1. Dec 15, 2006 #1

    Ouabache

    I have learned there are diurnal, semi-durnal and mixed semi-diurnal tidal patterns

    When the moon is directly overhead equatorially (near side), I've seen illustrations showing how the oceans bulge outward on both the sides of the earth, that facing the moon and the opposite side of the earth (180degr), such that both sides experience a high tide simultaneously. So the coasts facing the atlantic and pacific oceans, experience 2 high and 2 low tides per day, a semi-diurnal or mixed patterns. I also realize that the sun and moon create 'spring' and 'neap' tides.

    My question is, when the moon is adjacent to one side, why is the bulge "equally large" on the far side of the earth? What physical forces cause this to happen?
    (If I had not seen the illustrations, my intuition leads me to think the ocean would bulge to a much greater degree on the side facing the moon).

    Once I understand how this happens, it will make more sense how the sun causes a "spring" tide when the earth, moon and sun line up during "both" a full and new moon.
     
    Last edited: Dec 15, 2006
  2. jcsd
  3. Dec 15, 2006 #2
    You're actually quite right that the bulge should be smaller on the far side. It's just that that is a very small effect compared to the effect that creates tidal bulges in the first place. The relevant effect is the difference in the moon's gravitational pull between the center of the earth and a point at the edge. To a leading order approximation, this difference is given by [tex]\frac{2GMr}{R^3}[/tex], where M is the moon's mass, r is Earth's radius and R is the distance from the center of the moon to the center of the Earth. This lowest order formula holds for both tidal bulges. However, if we want a more precise approximation, we need the next term, which is [tex]\pm \frac{3GMr^2}{R^4}[/tex]. This term is positive for the closer edge and negative for the farther edge. But, you'll notice that this term has an extra factor of r/R, which means that this effect has only about 2% of the strength of the leading term.
     
  4. Dec 21, 2006 #3

    Ouabache

    Now you have me curious, how may I derive these and higher order terms?

    Plugging in the numbers, I found the values and orders of magnitude, for both your terms. Dimensional analysis indicates they are both accelerations [itex]m/s^2[/itex]

    After a little reading, I gain some feel your 1st term. It close to this term for tidal acceleration.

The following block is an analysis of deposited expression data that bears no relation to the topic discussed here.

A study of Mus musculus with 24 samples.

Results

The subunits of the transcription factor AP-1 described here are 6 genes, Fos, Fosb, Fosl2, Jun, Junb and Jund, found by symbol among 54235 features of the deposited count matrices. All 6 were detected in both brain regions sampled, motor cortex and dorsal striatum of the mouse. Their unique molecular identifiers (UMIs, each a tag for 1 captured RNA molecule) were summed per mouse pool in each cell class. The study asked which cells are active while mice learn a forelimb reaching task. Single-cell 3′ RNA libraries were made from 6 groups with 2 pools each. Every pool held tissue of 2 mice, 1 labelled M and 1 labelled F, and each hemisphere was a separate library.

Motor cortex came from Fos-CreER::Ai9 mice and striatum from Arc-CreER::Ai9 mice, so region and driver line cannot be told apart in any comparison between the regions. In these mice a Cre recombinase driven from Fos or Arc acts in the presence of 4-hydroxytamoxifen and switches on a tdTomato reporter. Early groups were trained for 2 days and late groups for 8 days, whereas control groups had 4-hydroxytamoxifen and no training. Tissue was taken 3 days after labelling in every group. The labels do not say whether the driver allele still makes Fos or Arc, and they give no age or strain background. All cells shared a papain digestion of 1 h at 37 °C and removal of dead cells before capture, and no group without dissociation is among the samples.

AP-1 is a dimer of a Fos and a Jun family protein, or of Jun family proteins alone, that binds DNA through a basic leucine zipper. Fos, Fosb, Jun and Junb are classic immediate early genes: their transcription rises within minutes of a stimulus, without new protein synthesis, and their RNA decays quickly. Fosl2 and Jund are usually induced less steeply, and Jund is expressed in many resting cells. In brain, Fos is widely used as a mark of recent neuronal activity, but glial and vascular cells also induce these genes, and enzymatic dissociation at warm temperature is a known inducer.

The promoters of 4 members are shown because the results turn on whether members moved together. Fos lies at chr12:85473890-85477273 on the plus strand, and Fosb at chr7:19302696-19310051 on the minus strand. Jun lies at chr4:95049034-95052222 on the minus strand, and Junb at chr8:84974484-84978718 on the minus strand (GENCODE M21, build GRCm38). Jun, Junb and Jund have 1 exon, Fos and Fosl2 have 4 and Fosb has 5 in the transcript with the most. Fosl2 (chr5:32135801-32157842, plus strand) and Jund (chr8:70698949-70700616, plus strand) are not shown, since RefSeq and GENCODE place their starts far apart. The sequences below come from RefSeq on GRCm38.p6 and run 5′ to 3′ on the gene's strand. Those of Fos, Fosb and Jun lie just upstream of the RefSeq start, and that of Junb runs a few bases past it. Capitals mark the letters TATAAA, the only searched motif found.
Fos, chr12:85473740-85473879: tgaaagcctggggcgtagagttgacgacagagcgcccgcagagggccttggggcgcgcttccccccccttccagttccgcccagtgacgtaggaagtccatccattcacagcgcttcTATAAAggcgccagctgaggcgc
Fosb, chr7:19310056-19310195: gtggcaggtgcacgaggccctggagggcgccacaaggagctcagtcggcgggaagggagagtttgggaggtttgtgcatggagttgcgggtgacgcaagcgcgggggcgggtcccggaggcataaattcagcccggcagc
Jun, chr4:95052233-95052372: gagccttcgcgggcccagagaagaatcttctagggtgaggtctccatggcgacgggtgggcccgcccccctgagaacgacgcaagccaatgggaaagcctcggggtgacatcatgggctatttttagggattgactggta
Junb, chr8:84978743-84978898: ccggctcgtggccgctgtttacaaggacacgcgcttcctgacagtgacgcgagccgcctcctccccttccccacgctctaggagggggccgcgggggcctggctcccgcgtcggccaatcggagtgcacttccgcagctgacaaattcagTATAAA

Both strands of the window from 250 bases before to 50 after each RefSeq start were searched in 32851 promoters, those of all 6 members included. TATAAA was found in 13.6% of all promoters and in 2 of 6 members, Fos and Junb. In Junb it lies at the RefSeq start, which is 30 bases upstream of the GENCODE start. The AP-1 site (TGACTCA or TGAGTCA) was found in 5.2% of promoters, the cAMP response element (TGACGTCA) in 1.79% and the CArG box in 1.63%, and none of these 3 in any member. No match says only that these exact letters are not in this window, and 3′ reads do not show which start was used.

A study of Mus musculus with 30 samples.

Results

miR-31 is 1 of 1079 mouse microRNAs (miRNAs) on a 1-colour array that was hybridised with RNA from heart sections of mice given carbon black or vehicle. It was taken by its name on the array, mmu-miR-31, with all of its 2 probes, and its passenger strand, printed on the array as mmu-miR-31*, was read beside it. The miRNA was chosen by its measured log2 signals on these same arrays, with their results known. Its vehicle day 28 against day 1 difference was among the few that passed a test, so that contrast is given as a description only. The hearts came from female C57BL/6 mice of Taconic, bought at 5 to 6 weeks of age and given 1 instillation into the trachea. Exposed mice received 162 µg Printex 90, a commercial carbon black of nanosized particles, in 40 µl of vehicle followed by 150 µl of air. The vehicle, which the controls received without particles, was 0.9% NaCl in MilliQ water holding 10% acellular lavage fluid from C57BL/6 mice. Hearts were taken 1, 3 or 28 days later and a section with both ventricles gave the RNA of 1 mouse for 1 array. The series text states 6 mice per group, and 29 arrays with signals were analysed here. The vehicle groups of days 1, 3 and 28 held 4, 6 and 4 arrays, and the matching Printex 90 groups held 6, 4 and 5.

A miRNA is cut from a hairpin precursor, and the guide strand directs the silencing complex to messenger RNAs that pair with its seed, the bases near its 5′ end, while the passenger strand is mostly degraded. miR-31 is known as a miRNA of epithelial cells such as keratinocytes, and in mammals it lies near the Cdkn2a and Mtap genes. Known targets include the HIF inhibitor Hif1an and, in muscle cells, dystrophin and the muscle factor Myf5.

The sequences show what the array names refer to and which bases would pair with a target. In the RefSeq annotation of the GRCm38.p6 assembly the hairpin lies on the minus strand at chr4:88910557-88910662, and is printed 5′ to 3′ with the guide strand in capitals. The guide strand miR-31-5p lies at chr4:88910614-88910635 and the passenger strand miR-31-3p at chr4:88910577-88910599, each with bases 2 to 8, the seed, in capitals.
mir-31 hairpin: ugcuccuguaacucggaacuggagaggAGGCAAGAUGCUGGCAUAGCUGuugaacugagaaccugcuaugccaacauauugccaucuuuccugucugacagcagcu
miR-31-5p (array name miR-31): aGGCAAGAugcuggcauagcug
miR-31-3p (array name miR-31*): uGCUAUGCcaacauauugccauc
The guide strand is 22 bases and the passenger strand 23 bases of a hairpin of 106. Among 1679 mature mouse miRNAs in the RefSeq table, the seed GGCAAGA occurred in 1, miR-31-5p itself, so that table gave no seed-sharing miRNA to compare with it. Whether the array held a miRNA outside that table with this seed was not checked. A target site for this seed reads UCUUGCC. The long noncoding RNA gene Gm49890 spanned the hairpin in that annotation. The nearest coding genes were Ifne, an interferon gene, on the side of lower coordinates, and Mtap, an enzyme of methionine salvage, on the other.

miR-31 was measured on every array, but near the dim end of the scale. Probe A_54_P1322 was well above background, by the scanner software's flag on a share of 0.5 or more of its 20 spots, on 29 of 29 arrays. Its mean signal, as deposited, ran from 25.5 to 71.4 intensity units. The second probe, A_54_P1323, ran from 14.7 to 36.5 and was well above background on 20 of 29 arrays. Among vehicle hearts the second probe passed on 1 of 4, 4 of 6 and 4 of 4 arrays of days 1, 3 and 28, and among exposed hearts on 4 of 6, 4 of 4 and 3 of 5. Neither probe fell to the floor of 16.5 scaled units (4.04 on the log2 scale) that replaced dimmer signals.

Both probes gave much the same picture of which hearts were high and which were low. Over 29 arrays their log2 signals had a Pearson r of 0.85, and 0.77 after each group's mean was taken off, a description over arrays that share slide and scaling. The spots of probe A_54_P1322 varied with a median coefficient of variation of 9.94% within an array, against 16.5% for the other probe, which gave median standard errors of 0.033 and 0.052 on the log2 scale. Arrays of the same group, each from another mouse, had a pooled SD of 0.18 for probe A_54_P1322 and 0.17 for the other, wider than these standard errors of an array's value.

You have an additional r term in the numerator, which appears to be, from comparing acceleration at the center of the earth, to a point at its edge. But for the initial term, wouldn't there actually be two situations along the moon-earth axis yielding +/- terms with [itex] (r - r_o) = r [/itex] on the side nearest the moon and [itex](r_o - r) = -r [/itex] on the far side?

    Your 2nd term seems like a differentiation of the 1st term but not quite.
     
    Last edited: Dec 21, 2006
  5. Dec 22, 2006 #4
    Tides arise from the difference between the gravitational acceleration (I actually prefer the term gravitational field, but that's just me) at two different points. We always take one of the points to be the Earth's center of mass. At this point, the gravitational acceleration is [tex]\frac{GM}{R^2}[/tex], where again M is the moon's mass and R is the distance from Earth's COM to the moon's. We also consider the acceleration at two points along the Earth/moon axis, each a distance r from the center. The acceleration at the point closer to the moon is [tex]\frac{GM}{(R-r)^2}[/tex] and at the farther point it's [tex]\frac{GM}{(R+r)^2}[/tex].

    From these we find that the near-side tidal acceleration is [tex]a_{near} = \frac{GM}{(R-r)^2} - \frac{GM}{R^2}[/tex]. This simplifies to [tex]a_{near} = \frac{GM}{R^2} \left (\frac{1}{\left (1-\frac{r}{R} \right )^2} - 1 \right )[/tex]. By a similar argument, the far-side acceleration is [tex]a_{far} = \frac{GM}{R^2} \left (1 - \frac{1}{\left (1+\frac{r}{R} \right )^2} \right )[/tex].

    To generate the terms I posted above (and as many more as you'd like), assume r is much smaller than R and expand the terms involving their ratio in a binomial series.